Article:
I finally lost it when a young woman, the partner of Ghost Ship fire victim Em Bohlka, spoke on Monday night. “I loved her so much, and I will never stop telling her story,” she avowed of the 33-year-old transgender poet, photographer, and Oaklander, while in front of thousands at Lake Merritt. It was a windless night, the water motionless, faces in the crowd softly lit with vigil candles. Sobbing overtook the lakeside pergola. And I bawled with everyone. It was devastating.
But that’s not what I want to focus on today: Now, I want to keep it real about the imminent witch hunt against Oakland’s arts and music underground scene.
In fact, it’s not even looming. The blaming of the tens-of-thousands of low-income creatives living in unconventional domiciles throughout the East Bay is already happening.
I’ve already seen residents and business owners outing “secret” warehouses to journalists, accusing these hubs of being “the next Ghost Ship.”
And traditional-media outlets that have published shameful editorializing on how officials must crack down immediately on furtive artists and their presumably illegal, purportedly dangerous live-work spaces.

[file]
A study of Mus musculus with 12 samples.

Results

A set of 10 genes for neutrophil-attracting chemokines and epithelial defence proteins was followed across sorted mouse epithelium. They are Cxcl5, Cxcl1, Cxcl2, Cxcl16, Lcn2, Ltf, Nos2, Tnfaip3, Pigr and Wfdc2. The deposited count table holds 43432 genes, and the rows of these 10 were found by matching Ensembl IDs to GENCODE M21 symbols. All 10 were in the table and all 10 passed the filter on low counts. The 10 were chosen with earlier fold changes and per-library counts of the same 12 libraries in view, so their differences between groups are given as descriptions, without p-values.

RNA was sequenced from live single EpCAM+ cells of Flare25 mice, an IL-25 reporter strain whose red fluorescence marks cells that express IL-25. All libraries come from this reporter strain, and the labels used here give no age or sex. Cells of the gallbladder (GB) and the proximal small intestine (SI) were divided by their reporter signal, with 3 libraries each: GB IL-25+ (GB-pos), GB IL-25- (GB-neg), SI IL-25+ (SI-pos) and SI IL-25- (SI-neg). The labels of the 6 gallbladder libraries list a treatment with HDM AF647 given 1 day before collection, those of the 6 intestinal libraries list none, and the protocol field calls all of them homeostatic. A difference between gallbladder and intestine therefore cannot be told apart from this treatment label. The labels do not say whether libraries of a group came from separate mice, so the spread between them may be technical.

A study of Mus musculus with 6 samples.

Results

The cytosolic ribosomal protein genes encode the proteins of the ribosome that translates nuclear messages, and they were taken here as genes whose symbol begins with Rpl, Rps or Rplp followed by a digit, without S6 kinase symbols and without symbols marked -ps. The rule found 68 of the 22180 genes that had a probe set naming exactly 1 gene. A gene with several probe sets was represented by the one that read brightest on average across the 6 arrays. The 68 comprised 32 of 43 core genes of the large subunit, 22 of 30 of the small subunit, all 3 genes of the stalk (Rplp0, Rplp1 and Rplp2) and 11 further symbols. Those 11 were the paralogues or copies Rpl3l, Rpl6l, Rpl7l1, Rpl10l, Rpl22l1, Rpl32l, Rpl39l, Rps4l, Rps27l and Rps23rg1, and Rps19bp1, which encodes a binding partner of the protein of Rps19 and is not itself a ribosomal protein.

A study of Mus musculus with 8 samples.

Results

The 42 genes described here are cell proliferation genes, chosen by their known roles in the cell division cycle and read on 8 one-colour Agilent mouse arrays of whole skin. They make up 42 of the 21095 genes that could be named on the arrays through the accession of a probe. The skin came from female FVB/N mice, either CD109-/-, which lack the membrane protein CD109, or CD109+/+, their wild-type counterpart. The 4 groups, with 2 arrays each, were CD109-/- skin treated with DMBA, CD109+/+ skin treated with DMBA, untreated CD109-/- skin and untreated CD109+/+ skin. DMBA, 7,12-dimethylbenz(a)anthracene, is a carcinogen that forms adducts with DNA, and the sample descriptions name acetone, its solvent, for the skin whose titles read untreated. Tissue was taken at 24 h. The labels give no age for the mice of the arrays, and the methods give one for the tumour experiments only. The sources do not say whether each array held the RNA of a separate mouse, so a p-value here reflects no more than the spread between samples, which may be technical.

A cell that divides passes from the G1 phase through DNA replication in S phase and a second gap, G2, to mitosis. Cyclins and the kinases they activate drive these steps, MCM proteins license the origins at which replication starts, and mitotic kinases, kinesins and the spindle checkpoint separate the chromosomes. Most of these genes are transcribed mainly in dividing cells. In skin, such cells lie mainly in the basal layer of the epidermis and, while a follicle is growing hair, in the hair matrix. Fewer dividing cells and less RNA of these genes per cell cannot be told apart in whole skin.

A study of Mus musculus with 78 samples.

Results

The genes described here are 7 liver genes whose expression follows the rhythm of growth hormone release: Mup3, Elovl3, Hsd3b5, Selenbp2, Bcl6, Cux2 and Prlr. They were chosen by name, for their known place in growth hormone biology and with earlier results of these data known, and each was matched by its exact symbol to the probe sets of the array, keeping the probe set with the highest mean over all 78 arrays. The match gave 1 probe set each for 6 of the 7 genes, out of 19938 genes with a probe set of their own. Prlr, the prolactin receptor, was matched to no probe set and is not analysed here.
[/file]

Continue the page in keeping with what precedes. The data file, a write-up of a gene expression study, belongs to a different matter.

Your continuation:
This divisive blaming isn’t a way to respond to Friday’s fire. Evicting the very community that was harmed by the Ghost Ship incident won’t prevent further tragedy.
And the East Bay’s arts-and-music counterculture scene is not the bad guy. It’s the victim.
In the coming months, the Express will be a watchdog to make sure that government officials, business owners, and the region’s leaders don’t put the underground scene in the crosshairs. Many artists living in these warehouse-style spaces are already housing-insecure — let’s not jerk the bottom out from under them.
Instead, we’re going to project some serious sunshine on the powerful — the people whose screw-ups led to the 36 deaths on Friday night.
Specifically, I’m talking about underfunded government agencies, and the myopic elected officials that ignored these department’s needs.
And let’s not forget negligent landlords — throw a rock, you’ll hit one.
Or the outlier, bad-actor art-scene figureheads — you’re on watch.
This is how the Express will appropriate its investigative and news-gathering resources: by going after those with power.
We also promise to respect a community that is recovering, and give people space to grieve and heal after this full-on, international-media blitz. There’s been some tremendous, crucial journalism in the recent days — but an equal amount of chew-’em-up-and-spit-’em-out, bleeds-it-leads news.
It’s time for calm. It’s time to care for each other.